Events Calendar
Nov 13
18:00 - 19:00
Human Rights Incorporated? Business and Human Rights in the Global Economy
CeCIL Speaker Nights

A Kent Centre for Critical International Law (CeCIL) Speaker Night with Michelle Staggs Kelsall (SOAS) - Michelle is an experienced practitioner in the field of international human rights law, having worked for the Office of the UN High Commissioner for Human Rights, and her current scholarship adopts critical approaches to the incorporation of human rights principles in business practices.

Human Rights, Incorporated? Business and Human Rights in the Global Economy

How can we understand the emergence of the 'Business and Human Rights Agenda' at the United Nations, and how does it attempt to challenge contemporary approaches to applying international human rights law? Perhaps more importantly, who now claims to be a 'business and human rights' lawyer, and how does she conceptualise her role in the global economy? This talk will consider the emergence of 'market friendly' human rights in the twenty first century and problematise the neoliberal values and vices that might ensue for lawyers protecting and promoting them. Drawing on a recent history of failed attempts to regulate corporate human rights responsibilities as a matter of international law, the talk questions whether or not this novel form of human rights protection can live up to its claim to benefit those most vulnerable to corporate human rights abuse, and why.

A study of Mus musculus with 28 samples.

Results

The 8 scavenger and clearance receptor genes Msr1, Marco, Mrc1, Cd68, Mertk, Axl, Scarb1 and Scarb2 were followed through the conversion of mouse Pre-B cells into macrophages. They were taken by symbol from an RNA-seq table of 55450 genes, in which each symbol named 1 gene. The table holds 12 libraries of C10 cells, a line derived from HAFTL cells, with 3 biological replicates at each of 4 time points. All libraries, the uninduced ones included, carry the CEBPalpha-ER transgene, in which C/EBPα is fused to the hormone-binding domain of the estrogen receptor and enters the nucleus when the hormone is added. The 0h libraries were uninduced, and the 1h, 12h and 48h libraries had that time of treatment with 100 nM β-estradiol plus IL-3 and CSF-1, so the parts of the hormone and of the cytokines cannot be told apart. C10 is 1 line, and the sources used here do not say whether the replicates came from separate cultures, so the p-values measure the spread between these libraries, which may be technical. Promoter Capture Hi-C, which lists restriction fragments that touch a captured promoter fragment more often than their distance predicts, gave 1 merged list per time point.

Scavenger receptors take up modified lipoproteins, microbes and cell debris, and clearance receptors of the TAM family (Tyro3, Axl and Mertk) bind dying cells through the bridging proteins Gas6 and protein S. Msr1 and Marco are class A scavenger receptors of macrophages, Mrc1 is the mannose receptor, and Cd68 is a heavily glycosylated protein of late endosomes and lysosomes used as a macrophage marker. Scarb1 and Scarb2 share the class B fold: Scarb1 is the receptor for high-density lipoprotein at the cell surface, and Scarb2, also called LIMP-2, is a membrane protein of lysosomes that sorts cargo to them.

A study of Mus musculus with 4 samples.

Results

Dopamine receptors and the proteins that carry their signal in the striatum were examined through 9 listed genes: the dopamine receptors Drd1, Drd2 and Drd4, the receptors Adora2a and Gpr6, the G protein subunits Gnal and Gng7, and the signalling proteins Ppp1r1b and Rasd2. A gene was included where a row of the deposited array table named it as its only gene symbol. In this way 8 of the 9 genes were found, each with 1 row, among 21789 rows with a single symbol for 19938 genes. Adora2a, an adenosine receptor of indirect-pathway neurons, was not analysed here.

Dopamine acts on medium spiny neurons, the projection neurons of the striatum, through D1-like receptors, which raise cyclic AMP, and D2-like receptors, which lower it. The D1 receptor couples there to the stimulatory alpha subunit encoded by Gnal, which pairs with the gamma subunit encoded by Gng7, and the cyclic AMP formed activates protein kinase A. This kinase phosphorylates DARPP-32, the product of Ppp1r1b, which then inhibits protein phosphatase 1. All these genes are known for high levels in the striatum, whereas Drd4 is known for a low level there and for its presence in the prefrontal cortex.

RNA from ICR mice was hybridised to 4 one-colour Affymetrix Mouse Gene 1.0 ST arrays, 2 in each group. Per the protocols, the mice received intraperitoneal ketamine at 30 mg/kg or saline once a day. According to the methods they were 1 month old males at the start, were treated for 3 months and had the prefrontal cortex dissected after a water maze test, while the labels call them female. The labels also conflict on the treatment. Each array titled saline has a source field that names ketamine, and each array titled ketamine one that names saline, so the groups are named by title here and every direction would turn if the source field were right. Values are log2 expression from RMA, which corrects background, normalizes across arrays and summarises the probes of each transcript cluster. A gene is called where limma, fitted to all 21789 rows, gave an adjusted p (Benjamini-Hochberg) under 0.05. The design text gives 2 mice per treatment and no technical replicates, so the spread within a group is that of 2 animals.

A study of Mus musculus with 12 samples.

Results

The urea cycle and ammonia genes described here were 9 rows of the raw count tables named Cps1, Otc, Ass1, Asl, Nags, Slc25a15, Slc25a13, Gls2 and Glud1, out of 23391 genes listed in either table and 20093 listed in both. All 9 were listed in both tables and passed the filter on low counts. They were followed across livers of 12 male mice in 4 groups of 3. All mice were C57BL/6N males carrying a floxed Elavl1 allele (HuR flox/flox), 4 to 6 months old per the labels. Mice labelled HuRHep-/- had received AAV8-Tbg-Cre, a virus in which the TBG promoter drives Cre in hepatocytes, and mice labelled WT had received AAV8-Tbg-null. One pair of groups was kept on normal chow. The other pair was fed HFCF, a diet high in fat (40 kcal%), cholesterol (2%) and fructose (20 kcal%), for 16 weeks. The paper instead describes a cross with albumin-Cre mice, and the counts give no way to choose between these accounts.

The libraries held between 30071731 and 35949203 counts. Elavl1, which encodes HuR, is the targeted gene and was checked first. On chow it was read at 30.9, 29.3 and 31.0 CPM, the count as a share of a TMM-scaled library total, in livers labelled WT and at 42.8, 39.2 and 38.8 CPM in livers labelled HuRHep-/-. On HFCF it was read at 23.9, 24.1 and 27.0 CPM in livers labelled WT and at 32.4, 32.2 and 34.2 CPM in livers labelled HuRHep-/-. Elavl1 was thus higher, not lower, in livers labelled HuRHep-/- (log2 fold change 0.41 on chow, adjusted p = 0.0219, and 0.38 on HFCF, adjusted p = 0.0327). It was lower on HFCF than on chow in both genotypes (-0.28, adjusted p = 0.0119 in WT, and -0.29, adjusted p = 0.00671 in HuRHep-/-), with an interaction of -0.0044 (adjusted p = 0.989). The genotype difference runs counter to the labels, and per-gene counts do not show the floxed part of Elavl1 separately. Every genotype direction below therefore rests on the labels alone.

Michelle Staggs Kelsall is a Lecturer in International Law at SOAS, University of London.Prior to joining SOAS, Michelle worked for several years as a Human Rights Officer for the Office of the United Nations High Commissioner for Human Rights as well as in leadership positions for not-for-profit centres undertaking applied research in Southeast Asia and West Africa (Sierra Leone). Most recently, she was the Deputy Director of the Human Rights Resource Centre (for ASEAN) where she oversaw all of the Centre's research, training and outreach initiatives, including leading multi-country human rights studies with teams of researchers across all ten countries in ASEAN.

In keeping with her background working as a human rights lawyer in Southeast Asia, Michelle's research has a strong empirical focus and predominantly considers new approaches to international law from a bottom-up/grassroots perspective. She is particularly interested in how international law is understood, interpreted and reconstituted in its field of reception, particularly in Asia (Southeast Asia). Her work adopts an interdisciplinary approach and draws on the social sciences and humanities to consider the intersections between public/private, global/local and domestic/international (amongst others).